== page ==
Hey, kids! It’s time for the news!
Yes, it is once again time for the editor of Global Gaming Business (motto: “Your Advertising Dollars At Work”), the most distinguished source for vital information regarding the international gaming industry, to go into what I like to call “Stooges Mode,” and make fun of that very vital information on which you rely.
Hey, we may as well laugh, right? It’s better than crying.
(By the way, for those of you in our Western audience, our alternative motto is: “The Best Danged Gamblin’ Book In The Whole Dad-Blasted County.”)
Speaking of the Stooges, slot manufacturer Atronic gives us our first news item this month. As we speak, the first units of a new Atronic game called “The Three Stooges” are no doubt being delivered to a casino near you. Maybe even to your casino.
I can’t wait to play it. I’ll sit down at a slot, and hear familiar voices:
“Why, I oughtta…”
Then, I’ll get up, and go find the Three Stooges slot.
(Slot-playing is the only thing that makes the voices stop.)
Our second gaming news item comes from Forbes magazine. Unfortunately, it seems the moguls of our industry have been losing a lot of money. A recent article in that magazine reports that Las Vegas Sands Chairman Sheldon Adelson personally lost $26 billion last year. Kirk Kerkorian, the largest shareholder of MGM Mirage, lost $4 billion. Steve Wynn lost almost $4 billion.
I felt really bad for Sheldon, Kirk and Steve. They’re almost tapped out. How will they make ends meet? Sheldon is down to his last $3.4 billion. Kirk only has a paltry $5 billion left. Steve is going to have to make do on only $1.5 billion.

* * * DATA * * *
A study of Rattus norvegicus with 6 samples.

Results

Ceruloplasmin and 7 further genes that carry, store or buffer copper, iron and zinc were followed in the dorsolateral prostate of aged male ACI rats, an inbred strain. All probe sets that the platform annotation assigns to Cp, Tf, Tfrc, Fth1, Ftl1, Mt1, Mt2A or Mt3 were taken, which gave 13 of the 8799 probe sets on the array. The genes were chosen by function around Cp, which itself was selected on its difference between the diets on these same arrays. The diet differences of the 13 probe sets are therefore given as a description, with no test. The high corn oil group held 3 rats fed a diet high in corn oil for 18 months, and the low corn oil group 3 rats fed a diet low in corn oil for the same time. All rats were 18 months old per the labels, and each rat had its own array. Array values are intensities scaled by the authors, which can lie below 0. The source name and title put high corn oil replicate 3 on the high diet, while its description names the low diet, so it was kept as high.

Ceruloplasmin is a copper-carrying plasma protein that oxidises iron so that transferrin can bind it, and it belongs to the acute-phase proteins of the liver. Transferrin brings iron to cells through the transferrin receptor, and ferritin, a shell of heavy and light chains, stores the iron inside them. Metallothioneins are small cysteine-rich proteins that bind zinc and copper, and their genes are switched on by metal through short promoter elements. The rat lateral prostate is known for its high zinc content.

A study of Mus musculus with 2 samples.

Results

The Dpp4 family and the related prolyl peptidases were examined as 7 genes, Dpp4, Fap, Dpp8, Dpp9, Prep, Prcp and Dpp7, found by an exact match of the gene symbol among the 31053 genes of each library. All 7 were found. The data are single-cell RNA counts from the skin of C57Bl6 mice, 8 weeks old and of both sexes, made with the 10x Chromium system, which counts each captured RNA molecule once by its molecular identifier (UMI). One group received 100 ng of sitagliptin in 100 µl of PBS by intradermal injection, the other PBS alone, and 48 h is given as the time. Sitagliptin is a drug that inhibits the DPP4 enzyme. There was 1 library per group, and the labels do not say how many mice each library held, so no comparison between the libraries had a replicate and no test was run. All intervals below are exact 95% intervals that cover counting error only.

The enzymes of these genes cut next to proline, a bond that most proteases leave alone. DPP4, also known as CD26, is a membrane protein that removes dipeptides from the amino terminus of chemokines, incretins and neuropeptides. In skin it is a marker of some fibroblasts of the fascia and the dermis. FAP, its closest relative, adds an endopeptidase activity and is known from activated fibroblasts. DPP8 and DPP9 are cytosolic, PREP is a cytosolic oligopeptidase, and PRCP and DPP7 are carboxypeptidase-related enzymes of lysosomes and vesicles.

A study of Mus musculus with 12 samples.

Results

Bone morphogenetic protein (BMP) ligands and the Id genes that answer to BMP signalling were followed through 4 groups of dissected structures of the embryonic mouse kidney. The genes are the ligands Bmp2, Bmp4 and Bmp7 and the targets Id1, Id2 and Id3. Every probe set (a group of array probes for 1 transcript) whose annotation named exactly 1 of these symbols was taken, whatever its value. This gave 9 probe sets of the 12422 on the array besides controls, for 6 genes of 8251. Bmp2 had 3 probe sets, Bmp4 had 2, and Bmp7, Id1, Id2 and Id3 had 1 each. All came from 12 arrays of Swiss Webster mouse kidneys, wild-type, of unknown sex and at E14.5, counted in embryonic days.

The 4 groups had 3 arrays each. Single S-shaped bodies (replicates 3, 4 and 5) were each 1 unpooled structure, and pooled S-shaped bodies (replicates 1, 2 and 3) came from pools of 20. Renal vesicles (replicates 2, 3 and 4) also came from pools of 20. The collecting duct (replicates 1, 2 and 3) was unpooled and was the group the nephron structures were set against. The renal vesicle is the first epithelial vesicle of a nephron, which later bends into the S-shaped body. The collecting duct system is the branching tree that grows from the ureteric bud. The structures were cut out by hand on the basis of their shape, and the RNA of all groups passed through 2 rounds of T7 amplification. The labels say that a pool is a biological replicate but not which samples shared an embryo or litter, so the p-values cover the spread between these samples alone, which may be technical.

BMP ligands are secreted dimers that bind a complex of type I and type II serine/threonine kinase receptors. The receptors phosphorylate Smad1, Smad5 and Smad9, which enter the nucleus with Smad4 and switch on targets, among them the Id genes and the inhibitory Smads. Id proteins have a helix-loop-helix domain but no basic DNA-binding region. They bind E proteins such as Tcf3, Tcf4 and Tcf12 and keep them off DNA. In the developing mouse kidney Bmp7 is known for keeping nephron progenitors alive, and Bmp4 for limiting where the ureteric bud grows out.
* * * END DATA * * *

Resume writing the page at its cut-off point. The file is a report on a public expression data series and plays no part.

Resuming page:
I have about $347 and a breath mint. (I’m sending the mint to Steve Wynn. Hey, it’s the least I can do.)
Our next item first appeared in the “PR Web” online newsletter. The writer was plugging an online casino, and he was using the fact that Las Vegas casinos have banned iPhone use. It says you can visit this online casino, and in the “3D Lobby,” there is Elvis Presley using an iPhone. And that’s why you should visit this particular online casino.
Look. I have plenty of Elvis sightings at real, live casinos. Elvis just greeted me outside of Bill’s on the Strip last year. I can go to Legends In Concert and hear him sing. As far as dead celebrities go, I can’t seem to get rid of the hip-swiveling guy.
A 3D image of Elvis with an iPhone is not getting me to an online casino, sorry. I prefer to see who is taking my money.
I have room for one more item. It comes to us via our good friend over at the University of Nevada-Las Vegas, Professor David Schwartz. David writes a great column on Atlantic City history for our Eastern edition of Casino Connection magazine, but if I’m strapped for goofy casino news, I can always count on his website, www.diecast.com, to give me a funny item or two.
This month, I found an item on his website that I can’t believe I missed when it happened-particularly since it happened in the city that is my home base.
It seems police arrested a guy at Bally’s Atlantic City who had broken into the kitchen. They caught him as he was leaving with-get this- 91 pounds of frozen lobster stuffed in his clothes.
A security guard noticed the shadowy figure tip-toeing out of the kitchen, and, as his subsequent report described, “His clothing was very bulky and he appeared to be concealing items beneath his clothing.”
It turns out he had more than $1,200 worth of crustaceans in his clothes. (And a song in his heart.) Let me guess. A guard stopped the guy and asked him what he had under his coat. He said, “Goiter!” (OK, I’m in Stooge mode again. That’s from the short where Curly was hiding a keg of beer from the cops. Yes, you are correct. I have no life.)
It’s just like that story last year, when security guards at Caesars Tahoe caught a wild bear roaming through the hotel kitchen rummaging for scraps of food. Except that it was lobster instead of just scraps of food. And it was a man instead of a bear.
OK, maybe it’s not anything like that story last year. Anyhoo…
I’m out of space. No more casino news. As Walter Cronkite may have said, “That’s the way it is. April 2009.”